Nurse fired for violating dual employment policy while on extended leave can’t advance FMLA claims

A nurse who was granted extended medical leave after her FMLA leave expired but was discharged when the hospital learned that she violated the leave policy’s prohibition against dual employment by working elsewhere without permission failed to defeat summary judgment on her FMLA interference and retaliation claims. A federal court in Maryland determined that the hospital’s denial of light duty did not constitute FMLA interference, she could not have reasonably considered herself to have been terminated at that point, and she failed to present evidence suggesting the decision to fire her due to her dual employment while on leave was pretextual.

FMLA leave for birth of child. The nurse applied for and was granted a 12-week FMLA leave, from August 6 to October 29, 2012, in anticipation of her child’s birth in August. However, she experienced pregnancy complications, was placed on bed rest, and told that her delivery date might be moved to May. She amended her FMLA request to reflect a leave period of March 23 to June 15, which was approved, and she gave birth prematurely by cesarean section on May 12.

Extended leave. Her supervisor sent her a letter on June 5, prior to the expiration of her FMLA leave, offering her the opportunity to apply for extended leave under the hospital’s leave policy, which provided coverage for medical and dental insurance during the leave period. The nurse completed a leave request form on June 9, in which she acknowledged that she reviewed and understood the contents of the policy. On June 13, her supervisor approved her leave request.

Meanwhile, her doctor provided her with a work restriction form on June 11, which stated that she required light duty for the next six weeks. She provided the form to her supervisor but was advised on June 12 that no light duty was available. On June 13, she received a job offer from another hospital where she had applied in May. She accepted that job and began work on June 18.

"Dual employment" clause. Her original hospital’s leave of absence policy stated that any employee on leave "must obtain the written consent of the manager/director of his/her department, prior to engaging in paid employment of any kind during the period of absence" and that "if the employee fails to disclose or misrepresents dual employment during leave, he/she will be terminated as having abandoned his/her position." Thus, when Johns Hopkins learned that she had taken the job without its permission, it sent her a letter on July 12 stating that she was terminated.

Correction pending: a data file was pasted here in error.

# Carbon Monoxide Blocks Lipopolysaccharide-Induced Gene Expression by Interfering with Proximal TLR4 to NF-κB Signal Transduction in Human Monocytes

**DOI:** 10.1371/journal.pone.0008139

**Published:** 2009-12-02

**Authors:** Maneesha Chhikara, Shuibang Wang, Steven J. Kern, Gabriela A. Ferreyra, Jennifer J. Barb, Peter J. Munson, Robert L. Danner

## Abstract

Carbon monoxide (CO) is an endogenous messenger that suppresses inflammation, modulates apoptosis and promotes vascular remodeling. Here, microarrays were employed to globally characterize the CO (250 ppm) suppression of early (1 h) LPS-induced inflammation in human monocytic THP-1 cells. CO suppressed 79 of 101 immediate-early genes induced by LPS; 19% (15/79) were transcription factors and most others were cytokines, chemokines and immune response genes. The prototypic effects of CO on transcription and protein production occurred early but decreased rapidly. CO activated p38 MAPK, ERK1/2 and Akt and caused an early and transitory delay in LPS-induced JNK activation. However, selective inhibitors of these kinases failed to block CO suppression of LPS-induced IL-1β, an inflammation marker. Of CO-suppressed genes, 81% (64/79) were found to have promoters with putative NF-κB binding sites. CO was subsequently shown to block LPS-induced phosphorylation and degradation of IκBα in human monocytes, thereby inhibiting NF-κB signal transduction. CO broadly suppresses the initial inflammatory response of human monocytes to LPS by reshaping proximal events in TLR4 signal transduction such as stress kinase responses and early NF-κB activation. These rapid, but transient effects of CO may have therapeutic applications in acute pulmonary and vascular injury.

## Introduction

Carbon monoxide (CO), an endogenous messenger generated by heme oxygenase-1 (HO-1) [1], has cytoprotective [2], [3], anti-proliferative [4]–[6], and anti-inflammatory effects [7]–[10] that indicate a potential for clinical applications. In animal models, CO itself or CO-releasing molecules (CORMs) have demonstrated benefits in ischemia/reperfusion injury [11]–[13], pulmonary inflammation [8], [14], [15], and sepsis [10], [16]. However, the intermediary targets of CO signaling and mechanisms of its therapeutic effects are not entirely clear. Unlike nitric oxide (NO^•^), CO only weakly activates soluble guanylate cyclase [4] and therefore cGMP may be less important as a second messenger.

Not entitled to light duty. The court first determined that the nurse failed to show that the hospital interfered with her FMLA rights. It undisputedly granted both her initial and amended requests for FMLA leave, and she received the amount of FMLA leave to which she was entitled. Though she argued that its denial of her request for a light duty assignment on June 12 constituted a failure to reinstate her, she was admittedly unable to perform the essential functions of her job as a registered nurse. Because she was not entitled to an entirely different position, denial of light duty did not constitute FMLA interference.

No FMLA retaliation. No reasonable jury could conclude that she was terminated in retaliation for taking FMLA leave, the court continued, since her own conduct was completely inconsistent with her purported belief that she was terminated on June 12 and not July 12. First, though she was told on June 12 that there was no light duty assignment available for her, being denied a light duty assignment is not a termination of employment. Rather, she was encouraged to apply for extended leave so that her employer-covered health insurance could continue. She took her application for the extended leave to the hospital on June 13 to have it signed by her supervisor and then submitted it to the hospital on June 14. As a result, the hospital continued to provide health insurance for her and she also received short-term disability payments from the hospital through the month of June.

No pretext. She also failed to show that her termination on July 12 was pretextual because she had clearly violated the prohibition against taking paid employment while on leave without first obtaining her manager’s permission. She admittedly was aware of that policy yet never obtained consent to work at the other hospital while on leave. She attempted to establish pretext by noting that when she first started working at Johns Hopkins, she was also employed at another medical facility but was never told that dual employment was prohibited. However, the fact that dual employment was not prohibited while an employee was working did not imply that Johns Hopkins couldn’t prohibit its employees from taking paid employment while on a medical leave.

The court also rejected her contention that she was not aware that she had been granted an extended leave of absence until July 10, and thus her taking paid employment was not a proper ground for dismissal. Her position was inconsistent with her prior statements. For example, she referred to her request for an FMLA extension in a July 9 email to a hospital HR consultant, indicating she turned it into HR, "just so at least I and my family will have medical insurance before I get another job." That her extended leave had been approved was also evident because the hospital continued to provide her health insurance, and she must have been aware that Johns Hopkins continued to insure her.

SOURCE: Ibewuike v. Johns Hopkins Hospital, (D. Md.), No. 1:15-cv-01630-WMN, May 17, 2017.